Religion bias cry after IIT suicide
The first-year student “felt her name itself was a problem at the institution”
- Published 16.11.19, 2:16 AM
- Updated 16.11.19, 2:16 AM
- 2 mins read
The father of an IIT Madras student, Fathima Latheef, who purportedly committed suicide last week has alleged that religious discrimination from a teacher had led the 19-year-old to take her own life.
The first-year student of an integrated MA programme in humanities and development studies “felt her name itself was a problem at the institution”, her father Abdul Latheef, a resident of Kollam in Kerala, said.
After Fathima was found hanging in her hostel room on November 9, Chennai police had claimed that poor exam scores had driven her to suicide.
No suicide note was found in the room, and Latheef said on Friday that she had topped her tests at the institute.
He alleged that Fathima had blamed a teacher, Sudarshan Padmanabhan, for her death in a message on her mobile phone and had earlier told her mother in phone conversations about alleged “harassment” by “SP”.
Latheef, who arrived in Chennai on Friday from Kollam and met the Tamil Nadu chief minister and police chief J.K. Tripathy, has demanded a probe.
He told reporters he and others in the family had been left “shell-shocked” on November 9 when, arriving in Chennai for the first time after Fathima’s death, they had switched on her mobile phone.
“We were shell-shocked to see the screen saver, which was actually a text message for us,” Latheef said. “It said, ‘Sudarshan Padmanabhan is the cause of my death. PS: check Samsung notes’.”
Her Samsung tablet contained notes on how she missed her family and wanted to return home.
The grief-stricken family had quietly returned with the body to Kerala early this week for the funeral. On Thursday, Latheef told reporters in Kollam that his daughter had “faced religious discrimination from faculty members” at the tech school.
“She told me she felt her name itself was a problem in the institution,” he was quoted as saying. “She found it difficult to mention her name to teachers and staff.”
He had added that the faculty “could not stand a Muslim name topping all exams”.
On Friday in Chennai, Latheef, who was accompanied by a lawyer, told reporters he wanted Padmanabhan arrested immediately. He accused the police of a cover-up to protect those who had driven his daughter to death.
“The police didn’t even include her dying message in the FIR. That message itself is enough to arrest Sudarshan Padmanabhan,” Latheef said.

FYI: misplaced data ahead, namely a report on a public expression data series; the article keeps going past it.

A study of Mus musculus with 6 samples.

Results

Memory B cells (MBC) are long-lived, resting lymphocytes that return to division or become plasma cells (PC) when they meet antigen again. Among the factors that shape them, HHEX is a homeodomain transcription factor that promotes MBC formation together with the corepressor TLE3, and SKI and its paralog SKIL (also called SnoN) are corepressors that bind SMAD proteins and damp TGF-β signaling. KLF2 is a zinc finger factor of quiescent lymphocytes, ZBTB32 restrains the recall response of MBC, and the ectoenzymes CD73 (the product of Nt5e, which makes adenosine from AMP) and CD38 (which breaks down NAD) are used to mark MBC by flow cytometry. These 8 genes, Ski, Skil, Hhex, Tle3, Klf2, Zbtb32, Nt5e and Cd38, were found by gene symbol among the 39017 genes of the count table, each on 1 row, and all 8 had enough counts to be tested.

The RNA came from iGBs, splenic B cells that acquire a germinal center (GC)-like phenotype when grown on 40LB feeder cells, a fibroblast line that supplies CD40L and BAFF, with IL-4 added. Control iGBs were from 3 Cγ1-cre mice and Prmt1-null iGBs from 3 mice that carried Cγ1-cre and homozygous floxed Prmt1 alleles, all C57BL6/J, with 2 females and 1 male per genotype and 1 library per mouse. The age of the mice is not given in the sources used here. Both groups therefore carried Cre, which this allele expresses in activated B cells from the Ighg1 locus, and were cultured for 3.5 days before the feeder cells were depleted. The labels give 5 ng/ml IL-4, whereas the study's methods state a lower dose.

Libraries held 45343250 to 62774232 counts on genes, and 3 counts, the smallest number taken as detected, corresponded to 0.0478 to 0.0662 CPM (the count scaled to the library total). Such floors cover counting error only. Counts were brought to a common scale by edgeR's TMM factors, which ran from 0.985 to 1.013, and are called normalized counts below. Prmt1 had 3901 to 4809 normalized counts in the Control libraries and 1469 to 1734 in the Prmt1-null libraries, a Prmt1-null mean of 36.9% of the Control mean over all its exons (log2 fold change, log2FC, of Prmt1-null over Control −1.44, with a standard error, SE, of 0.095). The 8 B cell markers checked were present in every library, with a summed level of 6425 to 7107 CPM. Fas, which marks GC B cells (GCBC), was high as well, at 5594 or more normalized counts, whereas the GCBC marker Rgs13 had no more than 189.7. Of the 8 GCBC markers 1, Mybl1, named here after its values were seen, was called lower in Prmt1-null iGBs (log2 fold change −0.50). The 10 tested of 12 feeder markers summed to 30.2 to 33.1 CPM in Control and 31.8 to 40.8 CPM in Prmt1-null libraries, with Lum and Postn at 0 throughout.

He added: “She always used to talk about one ‘SP’ whenever she spoke to her mother. Now I know… who harassed her.”
To a question about his repeated use of the word “harassment”, he said: “I want all kinds of harassment to be probed.”
Latheef said Fathima had sounded upset when he last spoke to her on November 8.
“That night she was seen crying in the mess hall. Someone wearing nose studs was seen comforting her. Police should find out who this person is,” he said, without revealing the source of his information.
He expressed surprise that the police had not seized or locked Fathima’s mobile phone or tablet after her suicide, alleging laxity.
After Latheef’s accusations from Kerala led to an outcry, Chennai police commissioner A.K. Vishwanathan had visited the campus on Thursday and questioned four teachers and about 20 students. He then handed the investigation over to the central crime branch.
In a statement, IIT Madras expressed grief at the death of a student. “However, the social media trolling of the institute and trial by the media, even before the conclusion of the police investigation, is gravely demoralising the students, faculty members and tarnishing the reputation of one of the finest institutes in the country,” it said.
Latheef did not answer calls from this newspaper.
Latheef had met Kerala chief minister Pinarayi Vijayan on Tuesday and demanded a fair investigation into his daughter’s death. He has sent complaints to the Prime Minister, human resource development minister, Tamil Nadu chief minister and the National Human Rights Commission.